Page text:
I have heard tell that getting some groups to go where you want them to go is like herding cats, which, I suppose, truly is impossible. Moving them comes close to that. When we moved into our new house, the cats were quite unhappy.
Murjan let us know his unhappiness. For two days, he stomped through the house, yowling. He would not let us touch him, and when we got near, he would yowl again. He hissed at Intrepid and Simone whenever they approached, which had very different effects on each of them. Then, finally, he got his revenge. I had opened the window a paw-crack wide so he could have a breath of fresh air. Somehow, he managed to push that big heavy glass plate open wider, wide enough to slip out and jump the twenty feet or more to the ground. Intrepid, not being intrepid at all when it comes to the outdoors, was balancing on the windowsill, wanting to follow his big brother but a bit hesitant, when Donnie walked by, instantly understood what was happening, and swooped Intrepid back into the room, and closed the window. Then, he went looking for Murjan. He did not have far to go. Murjan had found what he was looking for: mud in the back yard from all the rain. He had rolled around in it until his pure white coat was pure grey and was standing at the door to be let back in so he could let us know of his unhappiness at the move.
Intrepid would have moved easily. He is an easy-going cat and quite independent. He had to be. He was found as a tiny kitten, looking more like a bird than a kitten, after his mother had apparently died. We don't know if there were other kittens and, if so, what happened to them, but Intrepid is a survivor. He approached the inhabitant of a near-by house, and sitting in the grass outside the door, squawled until someone (a professor at the university in Jordan where I was dean) picked him up, and gave him something to eat. The professor had no idea what to do with a cat, so he brought him to me, and I could hear Intrepid meowing hungrily all the way up to our third-floor flat. Murjan, the alpha cat, raised him. So, when Murjan, after the move, started hissing at him, Intrepid was not about to be intimidated. He kept trotting after him, tapping him lightly when he was ignored, and sitting beside him, which prompted Murjan to hiss and move away and start the whole routine over again. Ultimately, Intrepid won out, and we found Murjan cleaning him as so often in the past. How Murjan got clean, we don't know, but it did happen.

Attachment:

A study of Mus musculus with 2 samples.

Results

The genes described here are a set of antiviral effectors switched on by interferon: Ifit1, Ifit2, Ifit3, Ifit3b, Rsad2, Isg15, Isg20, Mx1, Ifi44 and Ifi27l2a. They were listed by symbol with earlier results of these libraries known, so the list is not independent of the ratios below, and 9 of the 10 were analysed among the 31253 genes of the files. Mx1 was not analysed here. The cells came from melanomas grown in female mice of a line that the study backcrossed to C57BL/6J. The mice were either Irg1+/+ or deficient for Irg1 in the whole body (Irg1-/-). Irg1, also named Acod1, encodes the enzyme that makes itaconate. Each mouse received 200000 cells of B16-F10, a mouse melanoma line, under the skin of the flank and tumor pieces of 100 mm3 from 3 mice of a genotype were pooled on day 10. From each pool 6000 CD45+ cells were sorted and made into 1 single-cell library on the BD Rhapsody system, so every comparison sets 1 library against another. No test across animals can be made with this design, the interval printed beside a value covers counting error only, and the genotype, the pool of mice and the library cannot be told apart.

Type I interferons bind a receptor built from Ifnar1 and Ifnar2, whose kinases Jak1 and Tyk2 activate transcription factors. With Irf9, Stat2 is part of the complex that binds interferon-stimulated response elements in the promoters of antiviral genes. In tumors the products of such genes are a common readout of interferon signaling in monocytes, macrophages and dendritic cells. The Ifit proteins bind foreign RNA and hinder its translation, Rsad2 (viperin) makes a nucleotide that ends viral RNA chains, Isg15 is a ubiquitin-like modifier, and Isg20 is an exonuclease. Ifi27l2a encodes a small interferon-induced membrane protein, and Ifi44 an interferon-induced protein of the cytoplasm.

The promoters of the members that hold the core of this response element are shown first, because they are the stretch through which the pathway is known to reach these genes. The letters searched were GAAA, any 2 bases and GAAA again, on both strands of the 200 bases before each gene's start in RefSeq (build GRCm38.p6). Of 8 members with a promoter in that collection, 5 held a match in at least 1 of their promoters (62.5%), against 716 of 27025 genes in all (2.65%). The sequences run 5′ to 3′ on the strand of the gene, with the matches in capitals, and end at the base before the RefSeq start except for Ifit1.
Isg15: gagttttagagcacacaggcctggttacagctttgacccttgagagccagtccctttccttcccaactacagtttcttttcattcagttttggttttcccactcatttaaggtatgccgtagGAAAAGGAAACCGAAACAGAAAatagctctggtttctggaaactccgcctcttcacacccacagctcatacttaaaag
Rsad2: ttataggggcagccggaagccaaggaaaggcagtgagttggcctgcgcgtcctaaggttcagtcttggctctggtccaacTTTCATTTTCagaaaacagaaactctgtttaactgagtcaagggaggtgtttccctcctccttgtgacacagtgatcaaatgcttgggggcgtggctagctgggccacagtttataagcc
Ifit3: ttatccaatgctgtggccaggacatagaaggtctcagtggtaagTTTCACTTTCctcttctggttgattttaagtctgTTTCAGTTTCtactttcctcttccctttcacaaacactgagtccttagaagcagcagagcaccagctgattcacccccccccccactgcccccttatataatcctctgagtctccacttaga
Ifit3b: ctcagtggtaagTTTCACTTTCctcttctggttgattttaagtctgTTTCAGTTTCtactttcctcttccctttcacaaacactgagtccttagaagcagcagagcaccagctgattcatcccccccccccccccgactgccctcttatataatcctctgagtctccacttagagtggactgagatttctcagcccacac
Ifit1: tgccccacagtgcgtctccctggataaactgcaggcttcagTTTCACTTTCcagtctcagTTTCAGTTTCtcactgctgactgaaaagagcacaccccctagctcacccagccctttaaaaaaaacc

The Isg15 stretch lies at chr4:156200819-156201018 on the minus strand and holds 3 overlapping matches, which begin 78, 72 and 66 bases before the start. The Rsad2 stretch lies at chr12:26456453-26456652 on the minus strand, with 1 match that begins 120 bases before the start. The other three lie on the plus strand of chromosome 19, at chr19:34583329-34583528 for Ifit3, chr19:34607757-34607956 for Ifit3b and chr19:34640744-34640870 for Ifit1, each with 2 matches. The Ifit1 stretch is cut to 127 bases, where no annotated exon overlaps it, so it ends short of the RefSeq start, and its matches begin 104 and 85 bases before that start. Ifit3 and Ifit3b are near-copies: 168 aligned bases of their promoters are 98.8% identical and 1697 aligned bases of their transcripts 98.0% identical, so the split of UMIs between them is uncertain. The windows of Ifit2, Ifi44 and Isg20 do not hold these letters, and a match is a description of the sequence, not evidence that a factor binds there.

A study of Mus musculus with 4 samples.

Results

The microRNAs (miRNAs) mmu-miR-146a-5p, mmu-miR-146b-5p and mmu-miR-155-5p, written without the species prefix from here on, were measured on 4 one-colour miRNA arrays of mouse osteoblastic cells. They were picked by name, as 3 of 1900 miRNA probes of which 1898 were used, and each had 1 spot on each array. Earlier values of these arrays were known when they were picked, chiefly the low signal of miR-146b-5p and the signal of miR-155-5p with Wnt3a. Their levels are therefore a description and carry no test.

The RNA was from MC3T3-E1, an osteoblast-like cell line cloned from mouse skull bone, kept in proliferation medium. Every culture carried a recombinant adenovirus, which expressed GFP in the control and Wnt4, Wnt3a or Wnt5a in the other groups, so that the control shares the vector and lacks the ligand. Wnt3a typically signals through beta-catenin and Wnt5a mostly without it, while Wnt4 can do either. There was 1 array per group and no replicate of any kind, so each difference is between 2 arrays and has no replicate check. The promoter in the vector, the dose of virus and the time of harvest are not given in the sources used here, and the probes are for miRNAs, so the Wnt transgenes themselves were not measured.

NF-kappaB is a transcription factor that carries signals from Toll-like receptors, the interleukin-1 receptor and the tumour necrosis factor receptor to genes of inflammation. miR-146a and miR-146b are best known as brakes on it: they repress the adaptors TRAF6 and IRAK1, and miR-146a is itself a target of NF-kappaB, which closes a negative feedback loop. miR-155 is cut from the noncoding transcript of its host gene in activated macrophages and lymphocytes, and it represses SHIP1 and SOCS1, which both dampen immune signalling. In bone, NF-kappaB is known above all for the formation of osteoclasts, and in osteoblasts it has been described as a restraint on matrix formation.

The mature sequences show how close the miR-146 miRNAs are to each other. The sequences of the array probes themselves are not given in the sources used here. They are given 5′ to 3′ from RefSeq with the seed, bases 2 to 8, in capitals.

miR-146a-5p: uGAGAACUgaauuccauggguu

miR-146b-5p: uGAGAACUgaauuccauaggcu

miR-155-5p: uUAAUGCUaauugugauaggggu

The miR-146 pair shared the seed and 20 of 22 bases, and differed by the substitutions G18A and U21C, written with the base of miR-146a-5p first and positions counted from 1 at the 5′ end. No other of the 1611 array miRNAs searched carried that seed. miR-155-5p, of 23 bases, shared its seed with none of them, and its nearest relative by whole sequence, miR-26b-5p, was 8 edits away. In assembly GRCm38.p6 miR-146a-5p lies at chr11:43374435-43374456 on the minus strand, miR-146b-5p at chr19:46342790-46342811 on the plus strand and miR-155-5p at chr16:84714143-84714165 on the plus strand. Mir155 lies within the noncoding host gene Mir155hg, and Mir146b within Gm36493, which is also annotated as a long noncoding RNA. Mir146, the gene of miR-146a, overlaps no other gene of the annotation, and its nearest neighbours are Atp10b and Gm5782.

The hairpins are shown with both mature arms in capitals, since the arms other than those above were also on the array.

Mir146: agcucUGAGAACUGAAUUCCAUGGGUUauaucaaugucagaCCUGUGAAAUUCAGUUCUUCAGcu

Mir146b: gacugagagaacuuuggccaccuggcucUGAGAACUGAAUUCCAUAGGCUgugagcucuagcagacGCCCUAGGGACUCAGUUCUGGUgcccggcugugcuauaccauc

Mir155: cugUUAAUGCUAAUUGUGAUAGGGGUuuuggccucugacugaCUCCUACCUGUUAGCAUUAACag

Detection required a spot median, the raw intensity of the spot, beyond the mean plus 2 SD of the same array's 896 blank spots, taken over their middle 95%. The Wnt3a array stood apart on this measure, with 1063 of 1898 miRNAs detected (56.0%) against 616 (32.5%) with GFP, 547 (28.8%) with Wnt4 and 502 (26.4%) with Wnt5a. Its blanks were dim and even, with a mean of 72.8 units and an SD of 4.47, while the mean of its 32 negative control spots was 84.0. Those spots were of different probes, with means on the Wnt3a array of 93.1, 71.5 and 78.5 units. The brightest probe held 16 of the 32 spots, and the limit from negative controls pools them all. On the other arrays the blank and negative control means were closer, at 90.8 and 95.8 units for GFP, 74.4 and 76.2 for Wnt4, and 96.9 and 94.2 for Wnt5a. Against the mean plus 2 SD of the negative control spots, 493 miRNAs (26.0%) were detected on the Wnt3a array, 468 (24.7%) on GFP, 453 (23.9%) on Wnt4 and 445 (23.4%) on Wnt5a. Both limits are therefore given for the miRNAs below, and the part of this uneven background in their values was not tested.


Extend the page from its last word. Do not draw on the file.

Poor Simone, however, was completely traumatized by Murjan's hissing. Herself a rescued feral cat, she has just very recently, after two years, stopped hissing when someone picks her up. She returned to her old defensive habits and spend entire days hidden under the sofa. Once Murjan returned to his old self, however, she timidly moved out from the sofa and started exploring the rest of the house.
The cats seem to like the new house now. We have also purchased cat-proof screening and Donnie is in the process of rescreening all the windows. Sheesh! Had we known it was so important to the cats, we might have asked their permission (or at least opinion) before buying the house!
All's well that ends well. Our grandson likes the house. At least, he likes the lemon tree. That's something!